I first saw House Gumno on photographs. As they usually do, they revealed everything and nothing. I could have discerned the geometry, colours, selection of materials and traces of its spirit. In order to gain a proper impression, however, I had to see it in person.
House Gumno is situated on the north-eastern side of the island of Krk. It is one of many buildings – summer houses, apartments – which have been built in the area during the last couple of years. As you come up the road, more precisely, a pathway, you have to look for the house, even though it is situated on the top of the hill. It has blended into the landscape of forested hills, and it is firmly fixed among the buildings of similar purpose. The house was pulled towards the top of the lot, and thus the old threshing floor (gumno) which gave the area its name, was preserved. Besides its physical appearance, the idea of the gumno area is present, as well. In the life of the village this area was not just utilitarian – it was the meeting place, and the centre of its social life. The shaping has reinforced the remains of the past, and made the whole ground level area one of interaction and socialisation. The placement of the tavern – a summer kitchen, extended this idea to the entire ground floor of the building.
The programme is the result of the expectations of a family of four from their vacation home. They wanted to have a tavern, open living area, a pool, a terrace, and enough privacy for each member of the family. And everything is there – one, two, three, four. The firm base covered in stone, aluminium and glass cuboid situated above, the terrace and the pool on a concrete construction, and four separate plastered houses on the top. Stone, concrete, glass, plaster – as an architectural mantra. But here, and precisely here, the whole is greater than the sum of its parts.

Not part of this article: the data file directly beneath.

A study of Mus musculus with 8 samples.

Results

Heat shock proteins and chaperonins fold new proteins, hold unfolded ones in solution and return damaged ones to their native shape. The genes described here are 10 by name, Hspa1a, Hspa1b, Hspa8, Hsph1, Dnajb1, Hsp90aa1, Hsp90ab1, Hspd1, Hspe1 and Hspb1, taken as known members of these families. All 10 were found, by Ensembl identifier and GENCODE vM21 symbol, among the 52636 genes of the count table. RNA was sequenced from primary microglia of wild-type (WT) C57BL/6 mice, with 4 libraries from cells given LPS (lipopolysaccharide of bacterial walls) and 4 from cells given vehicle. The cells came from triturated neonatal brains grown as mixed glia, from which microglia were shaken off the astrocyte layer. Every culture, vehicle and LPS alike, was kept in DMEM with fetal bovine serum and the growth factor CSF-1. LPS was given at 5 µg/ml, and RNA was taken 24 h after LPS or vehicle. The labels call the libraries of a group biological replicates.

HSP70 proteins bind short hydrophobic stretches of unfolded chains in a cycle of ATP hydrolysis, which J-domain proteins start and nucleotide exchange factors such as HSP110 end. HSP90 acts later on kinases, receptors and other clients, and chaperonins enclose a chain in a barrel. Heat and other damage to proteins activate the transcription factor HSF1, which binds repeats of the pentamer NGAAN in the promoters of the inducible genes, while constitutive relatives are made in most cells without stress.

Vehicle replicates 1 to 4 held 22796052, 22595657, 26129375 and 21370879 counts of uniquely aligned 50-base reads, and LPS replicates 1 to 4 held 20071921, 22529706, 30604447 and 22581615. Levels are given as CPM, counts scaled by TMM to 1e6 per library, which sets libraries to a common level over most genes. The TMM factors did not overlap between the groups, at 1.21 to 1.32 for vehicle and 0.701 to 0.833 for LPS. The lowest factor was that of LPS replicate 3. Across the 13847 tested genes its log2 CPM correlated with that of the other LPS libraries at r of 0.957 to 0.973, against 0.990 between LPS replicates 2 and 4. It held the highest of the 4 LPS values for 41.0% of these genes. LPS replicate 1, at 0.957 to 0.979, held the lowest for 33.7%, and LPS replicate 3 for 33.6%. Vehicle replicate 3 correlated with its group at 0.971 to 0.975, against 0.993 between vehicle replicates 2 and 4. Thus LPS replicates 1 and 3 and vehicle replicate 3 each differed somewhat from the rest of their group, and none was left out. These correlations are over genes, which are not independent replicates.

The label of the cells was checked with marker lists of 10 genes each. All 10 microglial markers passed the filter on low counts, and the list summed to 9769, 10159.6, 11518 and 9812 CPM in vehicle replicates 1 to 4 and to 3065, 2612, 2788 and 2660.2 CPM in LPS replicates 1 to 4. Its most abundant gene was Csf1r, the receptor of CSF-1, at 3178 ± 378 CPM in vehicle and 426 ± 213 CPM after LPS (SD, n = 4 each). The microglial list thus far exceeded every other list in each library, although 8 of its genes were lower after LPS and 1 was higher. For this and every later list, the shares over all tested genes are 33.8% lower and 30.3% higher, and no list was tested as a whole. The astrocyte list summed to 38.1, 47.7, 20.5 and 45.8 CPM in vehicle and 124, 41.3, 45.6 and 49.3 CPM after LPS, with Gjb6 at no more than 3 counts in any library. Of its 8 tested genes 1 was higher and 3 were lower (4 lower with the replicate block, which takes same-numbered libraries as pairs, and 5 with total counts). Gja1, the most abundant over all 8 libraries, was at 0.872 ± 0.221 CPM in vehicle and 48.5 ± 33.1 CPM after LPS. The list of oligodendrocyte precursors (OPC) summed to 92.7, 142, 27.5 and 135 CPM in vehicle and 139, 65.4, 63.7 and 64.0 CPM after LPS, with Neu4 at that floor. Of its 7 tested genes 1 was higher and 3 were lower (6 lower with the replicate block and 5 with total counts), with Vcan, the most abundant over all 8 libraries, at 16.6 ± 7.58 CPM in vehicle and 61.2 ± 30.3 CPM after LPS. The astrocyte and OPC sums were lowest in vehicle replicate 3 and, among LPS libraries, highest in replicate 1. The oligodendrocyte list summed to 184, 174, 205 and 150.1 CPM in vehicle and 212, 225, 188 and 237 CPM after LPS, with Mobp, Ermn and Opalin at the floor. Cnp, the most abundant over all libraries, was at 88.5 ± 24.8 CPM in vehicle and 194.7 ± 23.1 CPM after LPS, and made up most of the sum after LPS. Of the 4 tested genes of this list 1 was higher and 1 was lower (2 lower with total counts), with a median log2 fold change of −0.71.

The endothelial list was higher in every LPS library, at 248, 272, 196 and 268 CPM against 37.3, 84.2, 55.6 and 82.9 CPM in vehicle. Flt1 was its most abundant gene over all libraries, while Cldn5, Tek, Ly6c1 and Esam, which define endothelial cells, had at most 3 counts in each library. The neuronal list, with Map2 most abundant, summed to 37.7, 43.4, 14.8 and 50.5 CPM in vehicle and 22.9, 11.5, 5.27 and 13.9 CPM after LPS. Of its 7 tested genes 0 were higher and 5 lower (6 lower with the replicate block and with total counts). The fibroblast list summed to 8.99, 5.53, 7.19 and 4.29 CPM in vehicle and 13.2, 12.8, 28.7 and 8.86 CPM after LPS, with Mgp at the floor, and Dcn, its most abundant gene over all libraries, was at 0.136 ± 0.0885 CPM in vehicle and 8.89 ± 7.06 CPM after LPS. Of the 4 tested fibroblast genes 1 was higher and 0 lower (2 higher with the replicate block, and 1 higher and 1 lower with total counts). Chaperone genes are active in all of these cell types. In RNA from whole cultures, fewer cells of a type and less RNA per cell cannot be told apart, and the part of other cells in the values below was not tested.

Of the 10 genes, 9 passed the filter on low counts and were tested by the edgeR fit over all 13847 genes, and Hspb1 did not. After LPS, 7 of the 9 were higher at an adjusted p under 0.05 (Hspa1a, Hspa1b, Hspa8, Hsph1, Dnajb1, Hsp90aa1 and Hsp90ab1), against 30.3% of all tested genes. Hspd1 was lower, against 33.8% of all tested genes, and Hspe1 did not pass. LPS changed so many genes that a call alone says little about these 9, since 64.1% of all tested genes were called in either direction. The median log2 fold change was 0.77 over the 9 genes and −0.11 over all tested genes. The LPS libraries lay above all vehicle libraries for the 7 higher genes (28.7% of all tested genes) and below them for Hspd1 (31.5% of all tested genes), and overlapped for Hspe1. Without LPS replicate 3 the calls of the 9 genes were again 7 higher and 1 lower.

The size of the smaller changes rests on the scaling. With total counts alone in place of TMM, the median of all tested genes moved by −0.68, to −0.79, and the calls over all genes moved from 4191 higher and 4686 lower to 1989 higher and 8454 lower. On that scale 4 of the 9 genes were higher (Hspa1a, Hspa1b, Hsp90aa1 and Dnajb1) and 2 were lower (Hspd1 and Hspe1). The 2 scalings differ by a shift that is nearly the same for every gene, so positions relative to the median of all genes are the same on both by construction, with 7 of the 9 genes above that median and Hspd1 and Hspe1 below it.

Once you are in front of the house, the principles of its creation are perfectly clear and logical. The interpolation of several layers of design has resulted in spatial harmony and exciting areas. The allocations are organised vertically and ensure different levels of privacy; from the tavern, which gives access to the house and is its most public area, to the family living room on the upper floor, and bedrooms on the top of the building. The turn of each layer gives the tavern unobstructed view, every room has its own terrace, and creates a spacious living area on the upper floor, instead of an array of rooms. The house is turned around the staircase, thus offering diverse spatial experiences in each of its parts having a specific purpose, a specific geometry, its own view, and a piece of the ceiling structure (steel or concrete) which gently affirms this impression. The glazed wall separates the inner and the outer area, which is dominated by a large terrace with the pool. The pool is elevated to the upper floor level by a concrete foot, an alternative approach from the ground level area, which thus provided a better connection with the life of the house. This combination of small intimate dens in the interior, and open, almost exposed exteriors, created an interesting contrast and resulted in diverse, complementary scenarios of use.
The materialisation of the house will make most hardened sceptics rethink their attitude toward bare concrete. The concrete, casually painted in warm (yes!) black and red colour goes perfectly with rough steel beams, wooden floors (a refreshing site after ceramic tiles; the inevitable part of all apartments built at the seaside) and parapets of interwoven steel cables. The house is very tactile; it invites you to touch it, and explore it with all your senses – even with the hearing. When you go past the pool technology, you seem to hear it as if romantically murmuring.
Some furniture and details have been designed, and some was brought in by the owners. It is the way it should be, as the architect says himself. Houses are for living. This house has really fulfilled that purpose: from a planned weekend house it became an almost permanent residence. It is the biggest compliment it could have received.
Ultimately, House Gumno is a line of attractive, clever overlaps, combinations of ideas and feelings of home, place, context. It transfers the importance of togetherness, but also the importance of individuality and one’s own space. It does not make you use it in a specific way, in its own way. Instead it gently directs you towards solutions you never knew were possible, ones which cannot be detected from a photograph. But, once you are there, you know – that is it.